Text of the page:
By Michael Collins - Posted on 27 January 2013

Michael Collins

The survival of the Syrian government represents a major failure of the empire project to recolonize and dominate energy rich Middle Eastern and North African states.

In an abrupt change from months of anticipatory triumphalism, French Foreign Minister Laurent Fabius admitted that Syrian President Bashar Assad will not be leaving power any time soon.  This is a radical departure from the NATO script and that of their stenographers in the corporate media.   We've been fed a mix of articles over the past months predicting Assad's imminent demise, filled with speculation on how post-Assad Syria will look after he's gone. (Image)

Reuters reported the Fabius remarks on January 24:   

"Things are not moving. The solution that we had hoped for, and by that I mean the fall of Bashar and the arrival of the [opposition] coalition to power, has not happened."

How quickly "things" have changed.   In a July 2012 fit of grandiosity, Fabius announced that "Bashar Assad does not deserve to be on the face of the planet."

While not as bombastic as her French counterpart, United States Secretary of State Hillary Clinton has been demanding for months that the Syrian president step down .  When she pledged $12 million in U.S. support for the rebel cause in April 2012, Clinton said:  "We think Assad must go.  The sooner the better for everyone concerned."   

After the successful take over in Libya, it looked like NATO's plan would work its horrific magic once again.  I outlined the Libyan formula that seemed destined for Syria on August 8, 2012 (What if the Empire Project Fails in Syria):

1. Take advantage of a political clash between a used up/undesirable leader and some internal faction (the rebels);
2. Covertly arm and otherwise assist the rebels;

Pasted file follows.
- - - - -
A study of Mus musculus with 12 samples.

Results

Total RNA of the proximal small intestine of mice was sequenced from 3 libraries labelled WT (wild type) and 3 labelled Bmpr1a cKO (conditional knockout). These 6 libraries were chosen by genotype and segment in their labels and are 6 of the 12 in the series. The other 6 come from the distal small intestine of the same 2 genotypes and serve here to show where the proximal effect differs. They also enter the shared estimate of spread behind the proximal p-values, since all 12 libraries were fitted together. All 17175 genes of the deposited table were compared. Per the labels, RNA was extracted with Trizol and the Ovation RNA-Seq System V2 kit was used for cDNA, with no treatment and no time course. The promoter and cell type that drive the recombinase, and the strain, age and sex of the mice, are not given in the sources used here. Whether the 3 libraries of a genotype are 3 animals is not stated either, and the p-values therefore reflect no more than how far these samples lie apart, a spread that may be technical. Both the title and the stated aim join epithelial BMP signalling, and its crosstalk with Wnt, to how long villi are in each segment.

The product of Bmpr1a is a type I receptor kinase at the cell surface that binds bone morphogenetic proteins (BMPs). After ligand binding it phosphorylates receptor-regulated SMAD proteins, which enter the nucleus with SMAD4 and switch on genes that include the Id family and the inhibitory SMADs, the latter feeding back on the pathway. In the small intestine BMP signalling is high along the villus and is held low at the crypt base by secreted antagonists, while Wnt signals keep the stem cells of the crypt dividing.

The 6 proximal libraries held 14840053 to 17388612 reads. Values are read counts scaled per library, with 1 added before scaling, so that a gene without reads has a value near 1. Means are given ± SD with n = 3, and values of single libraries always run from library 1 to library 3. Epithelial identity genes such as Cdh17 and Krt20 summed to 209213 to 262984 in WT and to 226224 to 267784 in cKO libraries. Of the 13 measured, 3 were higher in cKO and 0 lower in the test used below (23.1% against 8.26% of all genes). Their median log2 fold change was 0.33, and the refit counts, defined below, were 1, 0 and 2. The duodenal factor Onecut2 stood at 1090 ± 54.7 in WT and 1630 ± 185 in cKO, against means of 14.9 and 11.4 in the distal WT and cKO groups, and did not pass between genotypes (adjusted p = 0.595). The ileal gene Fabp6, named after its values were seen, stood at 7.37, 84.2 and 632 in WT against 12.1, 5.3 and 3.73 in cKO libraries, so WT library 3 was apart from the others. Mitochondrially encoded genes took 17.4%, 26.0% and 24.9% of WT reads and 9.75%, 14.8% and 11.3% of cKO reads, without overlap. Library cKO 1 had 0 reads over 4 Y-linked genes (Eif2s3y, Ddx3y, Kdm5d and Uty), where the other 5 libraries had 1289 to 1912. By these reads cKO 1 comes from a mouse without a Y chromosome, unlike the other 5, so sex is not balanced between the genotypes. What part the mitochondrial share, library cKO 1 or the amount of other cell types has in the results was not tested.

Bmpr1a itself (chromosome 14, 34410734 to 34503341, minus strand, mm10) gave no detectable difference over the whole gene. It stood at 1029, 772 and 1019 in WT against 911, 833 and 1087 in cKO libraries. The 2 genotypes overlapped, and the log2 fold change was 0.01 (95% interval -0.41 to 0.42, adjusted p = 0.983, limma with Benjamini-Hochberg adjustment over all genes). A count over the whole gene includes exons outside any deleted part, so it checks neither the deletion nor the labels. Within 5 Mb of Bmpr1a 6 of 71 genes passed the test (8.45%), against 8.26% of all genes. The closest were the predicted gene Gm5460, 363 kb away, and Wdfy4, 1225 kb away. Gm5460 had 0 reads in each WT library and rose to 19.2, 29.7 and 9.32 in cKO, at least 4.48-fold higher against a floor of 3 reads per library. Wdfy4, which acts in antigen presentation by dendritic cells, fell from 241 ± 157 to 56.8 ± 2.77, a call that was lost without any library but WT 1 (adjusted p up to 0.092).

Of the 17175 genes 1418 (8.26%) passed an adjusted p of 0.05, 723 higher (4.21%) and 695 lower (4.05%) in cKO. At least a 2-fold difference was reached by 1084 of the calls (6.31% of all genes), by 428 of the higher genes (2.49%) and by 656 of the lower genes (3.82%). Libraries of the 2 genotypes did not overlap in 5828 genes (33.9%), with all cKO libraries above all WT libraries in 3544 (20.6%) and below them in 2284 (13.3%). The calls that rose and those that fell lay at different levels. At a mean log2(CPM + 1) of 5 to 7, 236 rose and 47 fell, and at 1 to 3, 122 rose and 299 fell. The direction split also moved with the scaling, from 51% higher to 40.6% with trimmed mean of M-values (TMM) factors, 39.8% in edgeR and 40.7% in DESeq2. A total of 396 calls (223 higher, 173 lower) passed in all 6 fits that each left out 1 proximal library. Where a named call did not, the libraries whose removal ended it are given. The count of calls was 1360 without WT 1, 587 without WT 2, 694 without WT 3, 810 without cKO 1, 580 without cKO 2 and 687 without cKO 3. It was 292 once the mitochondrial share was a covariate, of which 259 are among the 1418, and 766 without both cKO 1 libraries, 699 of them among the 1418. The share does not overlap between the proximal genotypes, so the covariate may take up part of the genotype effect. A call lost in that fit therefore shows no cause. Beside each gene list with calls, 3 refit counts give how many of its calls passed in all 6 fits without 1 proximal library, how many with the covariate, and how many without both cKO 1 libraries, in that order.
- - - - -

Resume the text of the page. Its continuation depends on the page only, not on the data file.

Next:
3. Get a UN resolution decrying human rights violations based on evidence from an NGO aligned with the rebels;
4. Overtly arm and otherwise assist the rebels; and,
5. Win the battle for the rebels.

The NATO and Gulf states failed on points 3 and 5.  There was no United Nations resolution for humanitarian intervention including the essential no-fly zone.  Russia and China made sure that didn't happen with UN Security Council vetoes.  Without UN cover, a coordinated NATO-rebel air and ground attack on the Syrian military remained just out of reach. 

While the rebels did well for a period, they faced the reality of a well-armed opponent able to adjust to the ebb and flow of battle.  After losing several key bases in the summer, Assad and his commanders reformulated their decision making, tactics, and personnel, according to Hassan Illeik writing in Alakhbar-English on January 8.  According to Illeik, the changes worked well enough for both the Assad camp and an opposition insider to predict an endgame in which the rebels control only a portion of northern Syria and remain in continued conflict with the Syrian government.

Brian Downing outlined the very real possibility that the Syrian government could survive in early summer 2012 at a time when the mainstream media wouldn't even consider the idea.  In previous articles, Downing anticipated the economic from Russia and China that provided staying power for Assad.

Now, we have the French admitting what apparently the Syrian government and rebels seem to believe and what the United States broadly hinted at when it declared the Syrian rebels most effective fighting unit, the Al Nusra Front, a terrorist organization (which it truly seems to be).  The Empire Project in Syria is failing with no recovery in sight. 

We have an intellectually and emotionally mature Secretary of State in place, John Kerry.  He is not pounding the table demanding that any foreign leader leave office.  Chuck Hagel will join the cabinet soon as Secretary of Defense, another public figure with a firsthand understanding of the costs and risks of war. 

Soon, Syria may fade from public awareness in the United States, Great Britain, and France, the new colonialists.  This forgetting is very much in the interests of those in charge since both the Libyan and Syrian interventions were opposed by large majorities in each country.  But for those Syrians and Libyans who survive with injuries, who lost loved ones, or who experienced the unprovoked aggression of the NATO countries, attitudes have changed and memories will endure.


This article may be reposted with attribution of authorship and a link to this article.